The lukewarm church in Laodicea

By Cathleen Cathcart Contributing Columnist

Revelation 3:14 And unto the angel of the church of the Laodiceans write; These things saith the Amen, the faithful and true witness, the beginning of the creation of God; 15 I know thy works, that thou art neither cold nor hot: I would thou wert cold or hot. 16 So then because thou art lukewarm, and neither cold nor hot, I will spue thee out of my mouth. 17 Because thou sayest, I am rich, and increased with goods, and have need of nothing; and knowest not that thou art wretched, and miserable, and poor, and blind, and naked: 18 I counsel thee to buy of me gold tried in the fire, that thou mayest be rich; and white raiment, that thou mayest be clothed, and that the shame of thy nakedness do not appear; and anoint thine eyes with eyesalve, that thou mayest see. 19 As many as I love, I rebuke and chasten: be zealous therefore, and repent.

The church in Laodicea was located in the wealthiest city of all the churches. This city was known for its banking industry, medical school, and the manufacture of wool. While it is a blessing to have ones needs taken care of (as many other Christians had to live in poverty) this would negatively affect their gratitude and daily living concerning the gospel of Christ. They were self sufficient and had become indifferent which led to idleness. Prosperity can be dangerous if we are not mindful of our dependency of Christ. Salvation comes through faith, and faith is what it takes to please God. (Hebrews 11:6)

Wealth and good fortune are often mistaken as a sign of God’s spiritual blessing. While He certainly can, and does, bless people, we must realize that the less fortunate are not neglected by God, and He expects those who are able to give to those in need. We can get a false sense of confidence from wealth which can lead to complacency if we are not careful. The Laodicean church had lost their value due to prosperity and had become distasteful to God by their lack of desire to serve Him.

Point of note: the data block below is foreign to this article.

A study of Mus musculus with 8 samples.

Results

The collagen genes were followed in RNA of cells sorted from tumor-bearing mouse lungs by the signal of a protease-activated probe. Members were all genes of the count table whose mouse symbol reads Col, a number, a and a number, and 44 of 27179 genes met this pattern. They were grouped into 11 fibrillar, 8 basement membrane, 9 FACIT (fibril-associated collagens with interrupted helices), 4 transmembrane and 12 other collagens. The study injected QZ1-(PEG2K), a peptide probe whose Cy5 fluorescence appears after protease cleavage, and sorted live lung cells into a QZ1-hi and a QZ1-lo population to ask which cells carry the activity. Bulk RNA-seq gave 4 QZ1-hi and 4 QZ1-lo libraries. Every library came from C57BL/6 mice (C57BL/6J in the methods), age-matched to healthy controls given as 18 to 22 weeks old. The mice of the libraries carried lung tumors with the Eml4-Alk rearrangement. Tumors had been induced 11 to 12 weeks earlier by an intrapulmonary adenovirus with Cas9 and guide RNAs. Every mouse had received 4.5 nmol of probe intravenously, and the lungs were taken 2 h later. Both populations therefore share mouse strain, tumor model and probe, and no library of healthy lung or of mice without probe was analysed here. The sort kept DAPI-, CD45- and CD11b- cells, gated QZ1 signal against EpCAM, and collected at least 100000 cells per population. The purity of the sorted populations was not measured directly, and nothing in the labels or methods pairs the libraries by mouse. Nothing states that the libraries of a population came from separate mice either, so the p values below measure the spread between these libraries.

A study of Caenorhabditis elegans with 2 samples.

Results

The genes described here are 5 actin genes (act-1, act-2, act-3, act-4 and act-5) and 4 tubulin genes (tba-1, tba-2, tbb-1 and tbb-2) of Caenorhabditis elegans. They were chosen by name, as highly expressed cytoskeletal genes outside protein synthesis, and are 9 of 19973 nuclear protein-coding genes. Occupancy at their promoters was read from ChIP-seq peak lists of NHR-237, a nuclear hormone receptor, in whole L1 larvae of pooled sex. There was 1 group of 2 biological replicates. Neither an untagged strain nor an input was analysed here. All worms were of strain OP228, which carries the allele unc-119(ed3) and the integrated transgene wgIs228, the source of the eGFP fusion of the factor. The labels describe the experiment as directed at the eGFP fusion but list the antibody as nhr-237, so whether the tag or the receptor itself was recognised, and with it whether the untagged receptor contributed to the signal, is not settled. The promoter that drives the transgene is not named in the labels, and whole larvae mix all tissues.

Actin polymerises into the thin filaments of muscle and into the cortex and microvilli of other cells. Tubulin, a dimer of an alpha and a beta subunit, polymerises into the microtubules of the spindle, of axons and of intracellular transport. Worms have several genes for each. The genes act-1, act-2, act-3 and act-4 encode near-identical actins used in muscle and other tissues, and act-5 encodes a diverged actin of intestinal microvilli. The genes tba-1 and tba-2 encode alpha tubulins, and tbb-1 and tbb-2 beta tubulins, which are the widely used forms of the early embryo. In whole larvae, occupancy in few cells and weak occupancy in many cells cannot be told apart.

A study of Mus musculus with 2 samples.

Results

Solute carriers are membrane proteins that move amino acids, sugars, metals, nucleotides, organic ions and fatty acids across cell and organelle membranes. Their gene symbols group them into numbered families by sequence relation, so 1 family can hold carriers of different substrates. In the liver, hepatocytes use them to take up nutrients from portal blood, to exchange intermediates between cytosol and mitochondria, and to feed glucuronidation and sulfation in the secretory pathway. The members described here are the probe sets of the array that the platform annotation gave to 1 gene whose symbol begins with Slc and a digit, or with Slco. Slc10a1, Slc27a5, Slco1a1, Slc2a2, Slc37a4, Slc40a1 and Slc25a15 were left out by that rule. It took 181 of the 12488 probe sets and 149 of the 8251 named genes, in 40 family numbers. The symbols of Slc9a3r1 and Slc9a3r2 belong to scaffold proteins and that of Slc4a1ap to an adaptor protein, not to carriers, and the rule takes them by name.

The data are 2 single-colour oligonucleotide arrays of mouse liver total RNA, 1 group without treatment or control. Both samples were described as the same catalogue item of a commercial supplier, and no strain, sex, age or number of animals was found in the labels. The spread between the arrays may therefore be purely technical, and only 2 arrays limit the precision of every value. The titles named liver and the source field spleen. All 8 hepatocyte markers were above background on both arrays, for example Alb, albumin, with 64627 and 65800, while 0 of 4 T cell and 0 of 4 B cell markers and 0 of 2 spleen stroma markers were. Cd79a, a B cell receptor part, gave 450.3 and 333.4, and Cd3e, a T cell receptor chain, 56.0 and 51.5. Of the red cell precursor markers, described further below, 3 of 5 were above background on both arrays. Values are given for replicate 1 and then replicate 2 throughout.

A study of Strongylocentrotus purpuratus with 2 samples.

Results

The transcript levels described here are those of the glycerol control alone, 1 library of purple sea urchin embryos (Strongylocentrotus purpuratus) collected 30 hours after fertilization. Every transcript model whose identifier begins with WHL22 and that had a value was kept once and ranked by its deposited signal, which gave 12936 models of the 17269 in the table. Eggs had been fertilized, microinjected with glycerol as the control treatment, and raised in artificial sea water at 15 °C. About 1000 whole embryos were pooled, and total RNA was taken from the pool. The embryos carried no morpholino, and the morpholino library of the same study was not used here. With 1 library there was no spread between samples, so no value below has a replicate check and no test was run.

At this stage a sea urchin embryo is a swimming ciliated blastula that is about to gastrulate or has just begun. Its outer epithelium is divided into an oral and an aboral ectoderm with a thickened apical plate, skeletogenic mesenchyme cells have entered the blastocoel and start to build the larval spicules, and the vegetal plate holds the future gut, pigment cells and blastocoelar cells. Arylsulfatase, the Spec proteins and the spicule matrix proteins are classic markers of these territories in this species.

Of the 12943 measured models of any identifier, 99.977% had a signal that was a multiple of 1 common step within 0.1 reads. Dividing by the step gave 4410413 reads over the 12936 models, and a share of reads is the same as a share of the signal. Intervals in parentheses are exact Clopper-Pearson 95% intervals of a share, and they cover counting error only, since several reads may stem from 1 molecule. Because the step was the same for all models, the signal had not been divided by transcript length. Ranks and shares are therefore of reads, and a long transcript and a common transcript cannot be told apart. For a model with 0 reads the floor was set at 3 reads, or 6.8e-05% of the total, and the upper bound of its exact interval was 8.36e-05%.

We must be aware of how temporary worldly gain can be. Christ instructs this church to get their riches and garments from Him rather than the city they lived in. His wealth is heavenly treasure and life that will never pass away, and His white raiment is a garment of righteousness. Though Laodicea was home to a medical school which produced eye salve, Christ points out they still had eye problems because they could not see the truth. Possessions and achievements are of no value when compared to an everlasting future in Christ’s kingdom.

The most valuable thing we can possess is a right relationship with God. I encourage you today to base your value on the love of Christ and not what you posses in this world. Christ urged each of these churches to listen and heed what He is saying. Several churches were offered warnings because God wanted them to repent and turn back to Him, not because He was out to administer punishment. Today, He still urges His church to love, honor, and serve Him faithfully. In what ways are you serving? Do you depend on Him for health and strength, or do you rely on your own knowledge?

I pray, “Father, forgive my idleness. Show me the areas in which I must do better. Renew my burden for the lost, help me express more love and kindness to those around me, and restore a spirit of thanksgiving in me. In Jesus name I ask, amen.”

Rev. Cathleen N. Cathcart is pastor of New Life Worship Center in Spartanburg.